Have you ever felt like screaming at a customer, clobbering your manager, or trashing a teammate’s favorite digital device? For example, software tester Alan Page admits that he felt like punching out a higher up who vented at him and his boss about a bug found after the product had shipped.
If this sort of feeling happens infrequently and you don’t act on it (as Page didn’t), it’s no problem. Anger, after all, is a normal, usually healthy emotion. On the other hand, it’s one of the most difficult emotions to control because of its evolutionary value in protecting humans from danger. Therefore, if you experience frequent bouts of anger, it could be doing you harm.
Here’s how Judith Orloff, MD, a psychiatrist writing in Psychology Today, describes what happens when you’re angry at another person:
Your amygdala stimulates adrenaline. You get an energy rush that rallies you to fight. Blood flows to your hands, making it easier to grasp a weapon. Your heart pumps faster. You breathe harder. Pupils dilate. You sweat. In this hyperadrenalized state, aggression mounts. You may raise your voice, point accusingly, stare him down, grimace, flail your arms around, verbally intimidate, barge into his personal space.
Elizabeth Scott, a wellness coach, suggests that a starting point in controlling anger is to gain insight into it, such as by keeping an anger journal in which you note what angers you during the day. She points out that “Your anger is telling you something” and if you can start to understand what triggers it, you can take steps to avoid or minimize those triggers.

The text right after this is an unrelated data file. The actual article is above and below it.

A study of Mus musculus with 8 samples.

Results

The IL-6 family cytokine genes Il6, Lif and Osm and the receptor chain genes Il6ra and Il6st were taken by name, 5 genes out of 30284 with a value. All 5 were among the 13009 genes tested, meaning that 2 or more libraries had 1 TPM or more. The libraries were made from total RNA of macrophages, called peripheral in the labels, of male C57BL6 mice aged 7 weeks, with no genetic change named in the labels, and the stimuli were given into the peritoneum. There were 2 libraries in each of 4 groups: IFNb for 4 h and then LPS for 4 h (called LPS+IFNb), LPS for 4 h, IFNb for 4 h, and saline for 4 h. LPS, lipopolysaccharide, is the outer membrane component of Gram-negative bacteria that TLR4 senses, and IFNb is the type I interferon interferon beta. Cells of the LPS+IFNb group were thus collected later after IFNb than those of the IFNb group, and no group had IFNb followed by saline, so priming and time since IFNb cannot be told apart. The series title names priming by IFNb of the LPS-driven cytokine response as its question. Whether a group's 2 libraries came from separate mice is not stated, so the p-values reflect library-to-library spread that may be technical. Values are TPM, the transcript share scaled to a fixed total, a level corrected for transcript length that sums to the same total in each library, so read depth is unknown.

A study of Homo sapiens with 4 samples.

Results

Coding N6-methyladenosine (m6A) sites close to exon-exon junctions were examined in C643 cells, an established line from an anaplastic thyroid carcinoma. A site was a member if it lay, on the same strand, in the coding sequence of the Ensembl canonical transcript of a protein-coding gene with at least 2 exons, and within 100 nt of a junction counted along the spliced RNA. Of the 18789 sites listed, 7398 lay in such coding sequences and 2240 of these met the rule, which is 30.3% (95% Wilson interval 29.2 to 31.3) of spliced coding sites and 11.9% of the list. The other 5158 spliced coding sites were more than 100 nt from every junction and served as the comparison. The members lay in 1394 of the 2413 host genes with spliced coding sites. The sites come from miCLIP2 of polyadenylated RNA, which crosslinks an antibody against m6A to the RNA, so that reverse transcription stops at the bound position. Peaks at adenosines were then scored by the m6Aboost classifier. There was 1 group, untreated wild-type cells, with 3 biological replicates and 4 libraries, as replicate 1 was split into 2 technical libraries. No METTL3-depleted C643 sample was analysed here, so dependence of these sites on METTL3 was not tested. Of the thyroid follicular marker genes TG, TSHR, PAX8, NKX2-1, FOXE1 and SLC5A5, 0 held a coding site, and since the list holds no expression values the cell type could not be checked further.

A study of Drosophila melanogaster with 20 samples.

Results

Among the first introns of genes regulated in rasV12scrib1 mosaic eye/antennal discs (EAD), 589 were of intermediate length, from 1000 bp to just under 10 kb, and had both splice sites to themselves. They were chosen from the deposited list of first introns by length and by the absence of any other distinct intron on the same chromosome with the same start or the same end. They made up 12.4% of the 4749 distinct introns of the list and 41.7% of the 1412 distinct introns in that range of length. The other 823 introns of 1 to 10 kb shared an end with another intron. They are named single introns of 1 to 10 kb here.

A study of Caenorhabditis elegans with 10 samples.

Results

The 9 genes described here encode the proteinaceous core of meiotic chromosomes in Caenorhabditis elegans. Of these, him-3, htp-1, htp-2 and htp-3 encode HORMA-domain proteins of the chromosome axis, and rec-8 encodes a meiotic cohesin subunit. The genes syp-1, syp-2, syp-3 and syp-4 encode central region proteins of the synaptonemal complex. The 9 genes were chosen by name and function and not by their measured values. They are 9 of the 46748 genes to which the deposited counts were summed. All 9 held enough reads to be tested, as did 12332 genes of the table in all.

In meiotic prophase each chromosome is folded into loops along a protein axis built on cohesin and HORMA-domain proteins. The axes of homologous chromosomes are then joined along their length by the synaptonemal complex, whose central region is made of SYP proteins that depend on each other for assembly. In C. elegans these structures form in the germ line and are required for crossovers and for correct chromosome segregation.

Then, there’s counting, such as to ten, one hundred, or, in extreme cases, seven million. A Huffington Post article points out that counting slowly gives your blood pressure and heart rate a chance to return to normal. Distracting yourself also helps reduce your emotions before you try to solve the problem or interact with the person who ticked you off.
In a two-minute video clip, no less an authority than the Dalai Lama advocates calmness as a necessary condition for objectively addressing the situation that provoked the anger:
Orloff, the psychiatrist, confirms these approaches in offering four tips for diffusing anger:
- To offset the adrenaline surge of anger, pause and slowly count to ten.
- Take an extended time out, maybe even for a few hours. Dim the lights. Listen to music. Meditate. Do some exercise. These activities will help quiet your neurotransmitters.
- Don’t address your anger when you’re feeling rushed. By waiting till you have unhurried time, you’ll be better able tap into your most compassionate response.
- Examine your anger early enough in the day so it doesn’t interfere with sleep. And make sure you’re well rested when you examine it so that you’re less prone to reacting with irritation.
Of course, some of these recommendations may be difficult to follow if (when!) someone in the workplace pushes your buttons. Dimming the lights and doing some yoga may not be the best option when your boss’s boss is chewing you out. (Though, after you escape from the boss’s clutches, it may be just the thing to do.) Still, if you can follow some of these suggestions some of the time, your health and mindset can benefit.
If you want to gauge your ability to cope with anger, try this self-assessment test.
What if you’re the recipient of someone else’s anger? That deserves a post of its own. Stay tuned.